The Georgia Department of Public Safety was created in 1937 and oversees the day-to-day operation of the Georgia State Patrol (GSP), Capitol Police and the Motor Carrier Compliance Division (MCCD). GSP troopers investigate traffic crashes and enforce traffic and criminal laws on the state's roads. Capitol Police officers prevent and detect criminal acts, and enforce traffic regulations throughout Capitol Hill. MCCD officers conduct safety inspections of commercial motor vehicles and inspect highway shipments of hazardous materials.
Georgia State Patrol
"Wisdom, Justice and Moderation" has been the motto of the Georgia State Patrol since its inception in March 1937. It was the motoring public who first advocated the need for the Department of Public Safety. Traffic fatalities, increased crime, and a need for a larger law enforcement agency with statewide arrest powers, led Georgia lawmakers to create the State Patrol. In the summer of 1937, the first Trooper School was held at Georgia Tech and graduated 80 Troopers. To date, the Georgia State Patrol has graduated 86 Trooper Schools.
Since its beginnings, the Georgia State Patrol has been one of the leading law enforcement agencies in the country with regards to new technology and innovations. Georgia State Patrol was the first agency to equip all of its patrol cars with dash-mounted cameras. Each trooper on patrol in Georgia has specialized training in the Pursuit Intervention Technique (P.I.T.). This method allows Troopers to end pursuits quickly by putting the fleeing vehicle in a controlled spin.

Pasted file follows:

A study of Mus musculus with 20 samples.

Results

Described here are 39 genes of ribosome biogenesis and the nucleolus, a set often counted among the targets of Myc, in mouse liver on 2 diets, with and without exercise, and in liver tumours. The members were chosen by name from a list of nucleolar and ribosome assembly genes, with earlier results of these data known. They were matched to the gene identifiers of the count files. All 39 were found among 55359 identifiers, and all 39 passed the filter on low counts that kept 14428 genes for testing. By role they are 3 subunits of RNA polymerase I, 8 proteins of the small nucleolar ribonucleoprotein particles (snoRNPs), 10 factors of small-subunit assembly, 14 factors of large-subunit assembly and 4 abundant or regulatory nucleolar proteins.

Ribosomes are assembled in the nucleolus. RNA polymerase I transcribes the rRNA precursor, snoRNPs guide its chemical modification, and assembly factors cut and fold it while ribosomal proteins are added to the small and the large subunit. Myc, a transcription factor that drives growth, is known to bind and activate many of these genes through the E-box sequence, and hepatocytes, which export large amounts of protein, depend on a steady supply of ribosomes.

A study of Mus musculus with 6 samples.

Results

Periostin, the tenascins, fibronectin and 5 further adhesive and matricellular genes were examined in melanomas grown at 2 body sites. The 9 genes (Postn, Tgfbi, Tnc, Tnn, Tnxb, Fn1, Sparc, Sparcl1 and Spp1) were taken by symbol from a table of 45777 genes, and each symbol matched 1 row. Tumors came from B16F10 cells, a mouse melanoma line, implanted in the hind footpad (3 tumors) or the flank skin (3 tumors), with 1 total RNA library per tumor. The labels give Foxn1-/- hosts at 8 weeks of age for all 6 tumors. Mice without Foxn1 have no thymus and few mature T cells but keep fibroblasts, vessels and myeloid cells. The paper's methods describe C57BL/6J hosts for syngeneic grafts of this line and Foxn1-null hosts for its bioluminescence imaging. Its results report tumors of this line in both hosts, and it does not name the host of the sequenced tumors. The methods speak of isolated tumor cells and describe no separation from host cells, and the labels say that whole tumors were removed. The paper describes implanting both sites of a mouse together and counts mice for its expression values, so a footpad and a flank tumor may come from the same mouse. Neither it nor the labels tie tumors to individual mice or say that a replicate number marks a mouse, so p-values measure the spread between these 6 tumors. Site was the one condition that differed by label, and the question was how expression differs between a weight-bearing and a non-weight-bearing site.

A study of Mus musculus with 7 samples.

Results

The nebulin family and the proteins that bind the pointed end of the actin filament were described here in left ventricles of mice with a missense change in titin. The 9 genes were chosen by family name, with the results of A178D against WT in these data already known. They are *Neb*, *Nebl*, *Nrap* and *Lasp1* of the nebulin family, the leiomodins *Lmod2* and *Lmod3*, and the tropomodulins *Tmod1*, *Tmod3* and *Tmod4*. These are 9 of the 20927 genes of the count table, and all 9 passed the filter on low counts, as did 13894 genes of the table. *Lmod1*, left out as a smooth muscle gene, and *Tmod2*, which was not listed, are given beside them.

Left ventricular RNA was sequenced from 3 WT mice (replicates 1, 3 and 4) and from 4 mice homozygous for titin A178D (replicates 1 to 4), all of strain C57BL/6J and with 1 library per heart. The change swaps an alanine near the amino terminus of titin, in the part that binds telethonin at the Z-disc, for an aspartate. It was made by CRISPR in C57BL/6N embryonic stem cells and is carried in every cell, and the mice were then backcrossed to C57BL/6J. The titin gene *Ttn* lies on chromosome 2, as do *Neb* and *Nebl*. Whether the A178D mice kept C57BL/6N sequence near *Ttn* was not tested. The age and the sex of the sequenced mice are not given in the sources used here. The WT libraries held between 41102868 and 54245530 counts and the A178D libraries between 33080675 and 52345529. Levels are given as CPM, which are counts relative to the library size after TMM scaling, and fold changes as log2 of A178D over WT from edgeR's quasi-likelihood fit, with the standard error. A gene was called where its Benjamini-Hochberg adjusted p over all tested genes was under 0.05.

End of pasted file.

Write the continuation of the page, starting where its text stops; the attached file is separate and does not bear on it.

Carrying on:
Officers with the Capitol Police Division investigate criminal incidents and traffic crashes; manage street closures for events; patrol the streets on Capitol Square and those adjacent to other state buildings; provide courtroom secruity for Georgia's Supreme Court and Court of Appeals; conduct security assessments and surveillance detection; and deliver personal safety training for state employees and others.
Motor Carrier Compliance
The Motor Carrier Compliance Division (MCCD) performs driver and vehicle inspections of commercial motor vehicles at roadsides, inspection stations, and at carriers' terminals. The inspections range from "full" vehicle and driver inspections, which includes mechanical components, to "driver only" inspections. These may also include inspections of vehicles transporting hazardous materials.
This division consists of the following units and programs:
HOV Unit - responsible for the enforcement of High Occupancy Lane restrictions and communications.
School Bus Safety Unit - responsible for the annual safety inspection of the state's 17,000 public school buses
Compliance Review Program/Safety Audit - consists of 20 officers who conduct interstate and intrastate compliance reviews.
Size and Weight Enforcement - the operation of 19 permanent weight/inspection stations provides enforcment coverage on the interstates and related by-pass routes.
Commercial Motor Vehicle Safety Program - contains five federally funded and required program areas, Driver/Vehicle Inspections, Traffic Enforcement, Compliance Reviews, Public Information and Education and Data Collection.